LARP Design Principles, Part 1


As a follow up to my overview of the processes of creating a LARP, I figured I’d talk a little about how my existing player base and LARP history informed some of my later decision making.  You see, I’d run a few dice-heavy theatre LARPs in the Vampire: the Requiem setting and I had a number of players who didn’t come from a boffer background.  I didn’t want to lose them, and I didn’t feel that I needed to.  I also knew how much fun you can make from adventure-style games involving clues and NPCs despite a dice-based combat system and figured that surely I could use some of the lessons there to make the Multiverse campaign even better.

I also didn’t have any co-GMs in mind so I had to build it in such a way that it could be largely self-run.  I’d likely get the occasional person willing to run a module or two, but nothing more intensive than that.  All the GMs I did know had their own LARPs to run or would prefer to be a player in this one.

So I had a few design principles in mind as I refined the rules:

  • Utility skill focus (rather than combat skills)
  • Very streamlined combat mechanics
  • Low, mainly social, PvP (vampire made me weary)
  • A functional player-run society to keep folk busy
  • Town-based roles typically reserved for NPCs would be given to PCs
  • In-game encouragement to portray other NPCs

The utility skill focus was largely achieved by simple brainstorming and trawling through all the LARP rules documents I could get from the internet to find new utility skills.  Once I had the new skills slipped into the various occupational sets, I’d go away for a day or two and then come back to really think about what it’d be like to actually play with that skill, how it could be used, what it added / detracted to the experience and whether it’d even come up.

Utility skills rely quite a bit on other players’ reactions and the GM making a point to include them so I wanted to make sure that the players didn’t lose out when they picked one over another.

Streamlined combat mechanics has been reasonably easy thus far.  Simply don’t include many on the PC front — no spells to force changes in behaviour on a battlefield, no sunders and agonies and take-a-knees and stun-locks.  In order to keep things interesting, I have included the possibility of interesting combat mechanics for NPC antagonists (monsters) and through equipment.  A person might get a very expensive stun baton that has a thrice-usable stun-lock mechanism before shorting out that could be described to everyone pre-game.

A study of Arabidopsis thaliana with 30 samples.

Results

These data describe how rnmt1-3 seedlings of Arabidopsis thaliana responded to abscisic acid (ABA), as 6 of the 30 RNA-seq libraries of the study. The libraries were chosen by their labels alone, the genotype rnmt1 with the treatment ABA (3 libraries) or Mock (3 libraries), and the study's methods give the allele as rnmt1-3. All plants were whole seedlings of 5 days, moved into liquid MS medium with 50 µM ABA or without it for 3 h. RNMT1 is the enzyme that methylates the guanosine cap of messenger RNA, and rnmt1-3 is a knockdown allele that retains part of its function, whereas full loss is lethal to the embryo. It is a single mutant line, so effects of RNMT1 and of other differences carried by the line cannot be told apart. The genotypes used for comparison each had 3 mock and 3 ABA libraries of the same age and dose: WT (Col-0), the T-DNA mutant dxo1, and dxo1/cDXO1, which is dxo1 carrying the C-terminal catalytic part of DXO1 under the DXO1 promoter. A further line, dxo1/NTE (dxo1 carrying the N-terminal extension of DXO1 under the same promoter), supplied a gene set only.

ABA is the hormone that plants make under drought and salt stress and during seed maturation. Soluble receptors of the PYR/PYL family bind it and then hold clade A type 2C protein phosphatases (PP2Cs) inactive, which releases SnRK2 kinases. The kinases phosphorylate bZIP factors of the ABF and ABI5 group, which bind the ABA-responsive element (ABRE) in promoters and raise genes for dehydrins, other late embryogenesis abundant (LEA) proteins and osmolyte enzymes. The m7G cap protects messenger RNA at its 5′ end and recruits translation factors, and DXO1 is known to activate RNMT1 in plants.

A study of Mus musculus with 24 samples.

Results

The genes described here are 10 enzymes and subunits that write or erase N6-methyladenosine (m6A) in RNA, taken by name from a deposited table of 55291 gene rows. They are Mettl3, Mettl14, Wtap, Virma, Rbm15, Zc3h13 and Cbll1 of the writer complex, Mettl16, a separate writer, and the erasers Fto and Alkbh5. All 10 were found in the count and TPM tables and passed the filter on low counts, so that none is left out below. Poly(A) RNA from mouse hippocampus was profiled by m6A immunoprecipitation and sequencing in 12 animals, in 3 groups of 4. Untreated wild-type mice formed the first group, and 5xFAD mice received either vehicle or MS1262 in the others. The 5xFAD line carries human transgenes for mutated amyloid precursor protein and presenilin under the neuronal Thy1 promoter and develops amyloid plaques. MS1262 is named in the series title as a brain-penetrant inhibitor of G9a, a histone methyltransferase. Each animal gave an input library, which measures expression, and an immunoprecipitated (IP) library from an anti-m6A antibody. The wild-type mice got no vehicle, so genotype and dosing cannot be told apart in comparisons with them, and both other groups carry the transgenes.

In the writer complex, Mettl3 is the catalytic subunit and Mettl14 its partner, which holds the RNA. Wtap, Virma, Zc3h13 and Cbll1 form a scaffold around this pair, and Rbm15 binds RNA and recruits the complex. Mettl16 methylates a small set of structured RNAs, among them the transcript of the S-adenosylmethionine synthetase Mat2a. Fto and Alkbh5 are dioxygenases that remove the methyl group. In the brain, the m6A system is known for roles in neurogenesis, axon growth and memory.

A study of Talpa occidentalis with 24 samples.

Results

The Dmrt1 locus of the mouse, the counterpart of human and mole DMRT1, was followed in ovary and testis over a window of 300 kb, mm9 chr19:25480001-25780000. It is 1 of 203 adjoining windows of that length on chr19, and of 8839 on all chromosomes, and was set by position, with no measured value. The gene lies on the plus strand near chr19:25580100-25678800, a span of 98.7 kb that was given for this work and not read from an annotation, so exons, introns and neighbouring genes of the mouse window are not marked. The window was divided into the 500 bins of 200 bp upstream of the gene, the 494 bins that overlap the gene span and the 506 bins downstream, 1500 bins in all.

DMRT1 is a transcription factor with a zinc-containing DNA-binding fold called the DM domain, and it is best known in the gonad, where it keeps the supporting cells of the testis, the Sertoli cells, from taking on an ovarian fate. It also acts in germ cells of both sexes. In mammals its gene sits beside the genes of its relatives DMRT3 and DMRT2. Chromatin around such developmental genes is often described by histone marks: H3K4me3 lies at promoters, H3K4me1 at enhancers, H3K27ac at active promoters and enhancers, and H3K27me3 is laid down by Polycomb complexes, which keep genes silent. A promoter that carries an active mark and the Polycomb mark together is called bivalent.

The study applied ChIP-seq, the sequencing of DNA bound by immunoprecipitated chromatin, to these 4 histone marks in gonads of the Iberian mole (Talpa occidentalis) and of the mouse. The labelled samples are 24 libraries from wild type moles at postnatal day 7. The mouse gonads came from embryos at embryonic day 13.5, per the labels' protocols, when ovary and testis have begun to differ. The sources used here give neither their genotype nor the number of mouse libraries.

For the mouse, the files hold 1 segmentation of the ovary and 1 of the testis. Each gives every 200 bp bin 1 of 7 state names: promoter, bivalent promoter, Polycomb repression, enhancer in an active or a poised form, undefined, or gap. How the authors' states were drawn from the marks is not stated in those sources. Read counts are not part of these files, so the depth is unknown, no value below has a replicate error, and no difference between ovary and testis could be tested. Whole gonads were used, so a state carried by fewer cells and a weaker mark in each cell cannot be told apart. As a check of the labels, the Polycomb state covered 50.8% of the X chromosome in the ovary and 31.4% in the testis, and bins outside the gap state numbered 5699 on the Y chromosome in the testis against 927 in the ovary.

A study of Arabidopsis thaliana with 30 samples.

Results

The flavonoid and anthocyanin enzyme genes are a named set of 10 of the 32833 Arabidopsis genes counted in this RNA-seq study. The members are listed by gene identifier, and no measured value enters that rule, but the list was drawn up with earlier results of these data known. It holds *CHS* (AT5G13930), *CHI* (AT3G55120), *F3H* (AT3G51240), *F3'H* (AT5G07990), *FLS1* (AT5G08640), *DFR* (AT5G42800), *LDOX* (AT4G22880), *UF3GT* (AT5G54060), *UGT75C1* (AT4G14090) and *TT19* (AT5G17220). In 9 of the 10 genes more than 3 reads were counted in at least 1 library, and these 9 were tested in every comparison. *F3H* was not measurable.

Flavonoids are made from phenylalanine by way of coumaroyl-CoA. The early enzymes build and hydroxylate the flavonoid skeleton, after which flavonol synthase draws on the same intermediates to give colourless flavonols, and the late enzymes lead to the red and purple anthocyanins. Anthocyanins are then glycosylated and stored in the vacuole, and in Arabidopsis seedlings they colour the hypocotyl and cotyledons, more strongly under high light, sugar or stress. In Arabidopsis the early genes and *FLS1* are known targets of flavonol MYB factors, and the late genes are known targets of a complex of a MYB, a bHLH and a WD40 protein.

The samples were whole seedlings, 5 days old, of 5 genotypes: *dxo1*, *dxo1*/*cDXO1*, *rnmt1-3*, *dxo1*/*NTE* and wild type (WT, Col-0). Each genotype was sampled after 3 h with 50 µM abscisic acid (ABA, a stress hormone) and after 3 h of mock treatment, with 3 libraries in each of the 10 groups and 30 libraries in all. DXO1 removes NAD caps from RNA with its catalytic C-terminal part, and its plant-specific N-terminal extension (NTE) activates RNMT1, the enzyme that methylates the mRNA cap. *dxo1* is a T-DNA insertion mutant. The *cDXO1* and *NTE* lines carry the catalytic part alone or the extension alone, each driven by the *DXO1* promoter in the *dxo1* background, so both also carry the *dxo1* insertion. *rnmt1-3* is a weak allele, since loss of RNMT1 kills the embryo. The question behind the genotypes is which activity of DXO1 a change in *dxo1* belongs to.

While using equipment to make combat more interesting has its faults (very hard to pre-define everything or even recall it all), it makes merchants more useful, money more valuable, and if an item turns out to be overpowered it’ll soon be used up and pushed out of the game.  It also inspired a setting-element that degrades certain technologies over time which excused the lack of guns and would help me balance equipment.  Plus, who doesn’t love finding a knick-knack that can actually do a thing?

Of course, I’m still wrestling with what to do about armour.  Most games have a huge focus on it and I’m not so keen on having armour repair mechanics — but also equally not keen in *not* having such mechanics.  I’ve been advised that we could go without it because, after all, the range of costuming opportunities in this game (Wild West, Steampunk) should be encouraged rather than discouraged by making armour a powerful and vital thing.  I’m still thinking about this little conundrum.

Anyway, I’ll describe how I dealt with the rest of the principles underlying the Multiverse campaign in the next post.  Feel free to ask questions in the comments box below or even put forward your own ideas, suggestions, and thoughts about the LARP refinement process.